It’s easier to talk to customers when you speak their language.
That doesn’t just mean being able to speak Spanish to Latin American flour millers, but also the ability to discuss and respond to the conditions unique to that region.
That’s something Juan-Carlos Arriola Lopez thinks he brings to the Canadian International Grains Institute in his role as head of the milling department.
“Now it’s a completely different relationship,” said Arriola in an interview at CIGI, where he has been working since September 2015.
“We didn’t have every year a visit from Canada. We knew the quality of the wheat, but we didn’t feel important to (Canada.)”
Arriola is from Guatemala and for 13 years worked for a Latin American milling company, which operates five mills in Central America and the Dominican Republic.
He, like many in the small global community of professional millers, received training from milling equipment manufacturer Buhler in Switzerland, and once while there he heard about CIGI.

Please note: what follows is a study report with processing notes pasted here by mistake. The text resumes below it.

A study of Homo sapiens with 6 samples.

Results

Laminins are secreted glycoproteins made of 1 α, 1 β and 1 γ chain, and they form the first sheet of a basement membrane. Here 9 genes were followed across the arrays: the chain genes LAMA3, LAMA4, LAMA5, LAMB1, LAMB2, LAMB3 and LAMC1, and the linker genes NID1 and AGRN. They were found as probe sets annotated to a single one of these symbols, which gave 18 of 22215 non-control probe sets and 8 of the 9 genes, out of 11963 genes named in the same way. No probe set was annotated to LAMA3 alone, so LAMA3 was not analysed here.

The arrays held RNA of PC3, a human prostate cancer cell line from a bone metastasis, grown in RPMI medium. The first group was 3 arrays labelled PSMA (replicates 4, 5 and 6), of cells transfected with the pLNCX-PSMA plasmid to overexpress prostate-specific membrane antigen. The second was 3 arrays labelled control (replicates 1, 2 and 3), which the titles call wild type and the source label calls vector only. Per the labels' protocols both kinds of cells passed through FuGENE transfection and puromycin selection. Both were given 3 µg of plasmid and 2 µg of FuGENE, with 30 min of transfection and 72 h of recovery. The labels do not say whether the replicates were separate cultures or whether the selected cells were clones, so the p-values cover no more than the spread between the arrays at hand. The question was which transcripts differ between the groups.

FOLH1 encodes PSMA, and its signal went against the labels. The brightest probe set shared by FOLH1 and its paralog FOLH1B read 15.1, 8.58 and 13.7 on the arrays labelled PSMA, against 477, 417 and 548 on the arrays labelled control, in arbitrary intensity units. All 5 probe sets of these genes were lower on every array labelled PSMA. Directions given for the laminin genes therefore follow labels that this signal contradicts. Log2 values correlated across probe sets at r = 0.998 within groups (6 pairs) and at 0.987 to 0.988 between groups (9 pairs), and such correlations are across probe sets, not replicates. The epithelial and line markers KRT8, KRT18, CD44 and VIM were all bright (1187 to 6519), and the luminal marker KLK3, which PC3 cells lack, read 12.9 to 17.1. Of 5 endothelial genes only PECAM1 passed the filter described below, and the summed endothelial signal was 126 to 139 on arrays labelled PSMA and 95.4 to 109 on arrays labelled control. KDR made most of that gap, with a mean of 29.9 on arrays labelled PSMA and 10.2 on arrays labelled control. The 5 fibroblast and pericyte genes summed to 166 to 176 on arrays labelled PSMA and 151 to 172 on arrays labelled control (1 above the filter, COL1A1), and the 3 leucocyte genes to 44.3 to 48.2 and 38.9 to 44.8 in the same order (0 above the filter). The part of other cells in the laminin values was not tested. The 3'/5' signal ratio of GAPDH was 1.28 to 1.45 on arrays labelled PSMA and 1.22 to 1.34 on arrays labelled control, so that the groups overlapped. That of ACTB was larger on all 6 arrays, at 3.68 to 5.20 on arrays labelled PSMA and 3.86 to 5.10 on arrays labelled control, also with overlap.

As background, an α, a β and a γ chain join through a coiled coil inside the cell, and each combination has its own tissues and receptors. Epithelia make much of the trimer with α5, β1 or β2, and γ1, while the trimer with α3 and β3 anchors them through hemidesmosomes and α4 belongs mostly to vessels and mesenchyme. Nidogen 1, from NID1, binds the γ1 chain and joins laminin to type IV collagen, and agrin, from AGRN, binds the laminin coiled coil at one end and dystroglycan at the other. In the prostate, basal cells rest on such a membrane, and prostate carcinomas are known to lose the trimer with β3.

He was told it was a great institution and would be a good place to work. So when the milling department position became available, he applied.
“I thought: That’s a challenge…. Here I am.”
Arriola deals with millers from around the globe, but pays special attention to Latin Americans. He is still a member of their milling associations and organizations.
Latin American mills about 48 million tonnes of grain per year — a large market worth the added attention, he said.
“These customers are very close and they can be very loyal.”